These four types of performance styles are an excellent way to match the people you hire with the work you need done. You’ll recognize these types in a heartbeat, including becoming aware of which one you are most like:

Aim-Fire.   The Producer. Has to-do list. Will travel. Gets a lot done as long as it’s not new.
Ready-Aim.   The Administrator.  Process and quality-driven.  Can bog things down.
Ready-Fire.   The Entrepreneur.  Brilliant ideas get translated fast, but at the cost of errors.
Ready.   The Integrator. Works hard to get everyone feeling good along the way. Unfortunately, you can’t please everybody.

Which one are you? This simple model is the work of Dr. Ichak Adizes and is known by it’s acronym letters: PAEI. Wonderful work worth exploring. One company I worked for brought this model in and it became an integral part of our culture. We defined job roles using it and we interviewed to fit the role with the person. Very effective and memorable.

The most popular way that I use Ready-Aim-Fire is this.

Ready represents analysis. It is digging through the PAST, looking for lessons learned. It is like the farmer ploughing the field  preparing to plant seeds.  In my business work, many complex spreadsheets are produced in the Ready phase.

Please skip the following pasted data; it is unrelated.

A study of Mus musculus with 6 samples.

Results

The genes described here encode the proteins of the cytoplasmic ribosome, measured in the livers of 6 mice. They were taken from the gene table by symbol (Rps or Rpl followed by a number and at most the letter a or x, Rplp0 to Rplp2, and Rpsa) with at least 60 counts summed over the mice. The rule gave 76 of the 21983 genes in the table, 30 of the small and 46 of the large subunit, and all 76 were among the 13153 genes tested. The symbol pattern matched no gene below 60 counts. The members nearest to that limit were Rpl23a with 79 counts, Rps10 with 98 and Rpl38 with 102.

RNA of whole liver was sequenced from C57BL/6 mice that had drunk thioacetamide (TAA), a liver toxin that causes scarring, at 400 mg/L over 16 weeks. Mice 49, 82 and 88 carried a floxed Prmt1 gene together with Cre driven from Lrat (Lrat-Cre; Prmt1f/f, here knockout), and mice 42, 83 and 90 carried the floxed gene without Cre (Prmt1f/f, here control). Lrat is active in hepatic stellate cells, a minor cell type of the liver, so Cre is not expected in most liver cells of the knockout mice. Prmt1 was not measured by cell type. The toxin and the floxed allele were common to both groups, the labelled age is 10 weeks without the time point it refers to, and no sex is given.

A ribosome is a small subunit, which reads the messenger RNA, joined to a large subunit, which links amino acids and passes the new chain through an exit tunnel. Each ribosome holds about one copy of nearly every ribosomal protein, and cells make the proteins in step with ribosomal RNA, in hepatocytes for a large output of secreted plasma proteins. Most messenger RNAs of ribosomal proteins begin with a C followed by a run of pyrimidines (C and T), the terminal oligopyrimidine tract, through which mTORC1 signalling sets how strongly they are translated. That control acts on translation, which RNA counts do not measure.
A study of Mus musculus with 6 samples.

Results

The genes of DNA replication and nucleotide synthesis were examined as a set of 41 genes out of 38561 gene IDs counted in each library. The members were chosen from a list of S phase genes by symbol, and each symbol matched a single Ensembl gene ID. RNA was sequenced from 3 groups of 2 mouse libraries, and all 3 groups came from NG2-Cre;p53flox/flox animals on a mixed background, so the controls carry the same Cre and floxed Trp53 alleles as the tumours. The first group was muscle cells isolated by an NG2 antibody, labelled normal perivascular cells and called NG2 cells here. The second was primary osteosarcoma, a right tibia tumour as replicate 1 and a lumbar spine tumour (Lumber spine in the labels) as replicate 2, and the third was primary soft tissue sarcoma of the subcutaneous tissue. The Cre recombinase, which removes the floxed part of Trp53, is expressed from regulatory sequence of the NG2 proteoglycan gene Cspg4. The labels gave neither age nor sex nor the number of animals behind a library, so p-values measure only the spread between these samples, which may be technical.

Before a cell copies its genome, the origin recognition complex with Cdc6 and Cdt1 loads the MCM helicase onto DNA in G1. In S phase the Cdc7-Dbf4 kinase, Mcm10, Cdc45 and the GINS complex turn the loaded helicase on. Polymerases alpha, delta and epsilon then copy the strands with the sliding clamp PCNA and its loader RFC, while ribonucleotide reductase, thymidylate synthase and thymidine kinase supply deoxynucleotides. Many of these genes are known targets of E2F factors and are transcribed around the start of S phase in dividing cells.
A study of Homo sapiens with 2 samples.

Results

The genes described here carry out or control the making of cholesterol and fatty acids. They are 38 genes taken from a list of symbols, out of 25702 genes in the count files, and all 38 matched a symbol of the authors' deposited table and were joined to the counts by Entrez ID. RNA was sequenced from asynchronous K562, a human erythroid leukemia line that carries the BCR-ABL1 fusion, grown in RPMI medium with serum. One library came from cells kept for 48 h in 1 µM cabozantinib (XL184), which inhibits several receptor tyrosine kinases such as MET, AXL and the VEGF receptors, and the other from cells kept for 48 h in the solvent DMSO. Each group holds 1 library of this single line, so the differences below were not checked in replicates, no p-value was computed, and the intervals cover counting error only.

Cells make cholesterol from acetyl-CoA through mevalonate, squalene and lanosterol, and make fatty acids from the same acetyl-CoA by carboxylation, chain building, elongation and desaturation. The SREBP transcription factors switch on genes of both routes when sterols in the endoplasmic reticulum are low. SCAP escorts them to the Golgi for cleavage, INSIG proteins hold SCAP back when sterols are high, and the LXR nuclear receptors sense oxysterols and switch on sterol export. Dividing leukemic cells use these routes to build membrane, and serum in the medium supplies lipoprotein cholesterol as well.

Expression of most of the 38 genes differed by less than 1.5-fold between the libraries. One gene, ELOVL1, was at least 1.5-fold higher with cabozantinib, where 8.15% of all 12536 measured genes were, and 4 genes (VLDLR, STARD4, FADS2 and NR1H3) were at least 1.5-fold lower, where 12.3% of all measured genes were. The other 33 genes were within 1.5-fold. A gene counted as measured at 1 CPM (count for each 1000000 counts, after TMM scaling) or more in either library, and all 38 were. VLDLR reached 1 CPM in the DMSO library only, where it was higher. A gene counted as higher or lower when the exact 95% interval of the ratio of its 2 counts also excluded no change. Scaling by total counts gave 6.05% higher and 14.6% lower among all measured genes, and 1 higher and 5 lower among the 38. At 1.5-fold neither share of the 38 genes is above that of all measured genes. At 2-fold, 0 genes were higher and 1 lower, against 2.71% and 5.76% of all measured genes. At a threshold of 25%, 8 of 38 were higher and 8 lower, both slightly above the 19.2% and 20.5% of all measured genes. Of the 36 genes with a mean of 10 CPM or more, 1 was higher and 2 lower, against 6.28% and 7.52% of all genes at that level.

Aim is planning. It is exploring alternative ways to reach your goals, analyzing them for FUTURE potential. It is like the farmer considering which crops to plant, taking into account prices, growing conditions, market trends and his/her own resources and equipment. In my business work, this is called a business or strategic plan.

Fire is execution. It is implementing the plan. This is work that happens in the PRESENT moment.  It is like the farmer planting, cultivating, fertilizing and harvesting.  Along the way, we must be willing to shift gears, innovate and adapt in order to make the plan work or adapt the plan to the actual conditions happening in the market place.

It takes all four types of people, and all three types of actions to produce successful, reliable results. Strong leaders recognize this pattern and their own strengths and weaknesses within it. The person who fills in the gaps with complementary talent is well-positioned to succeed!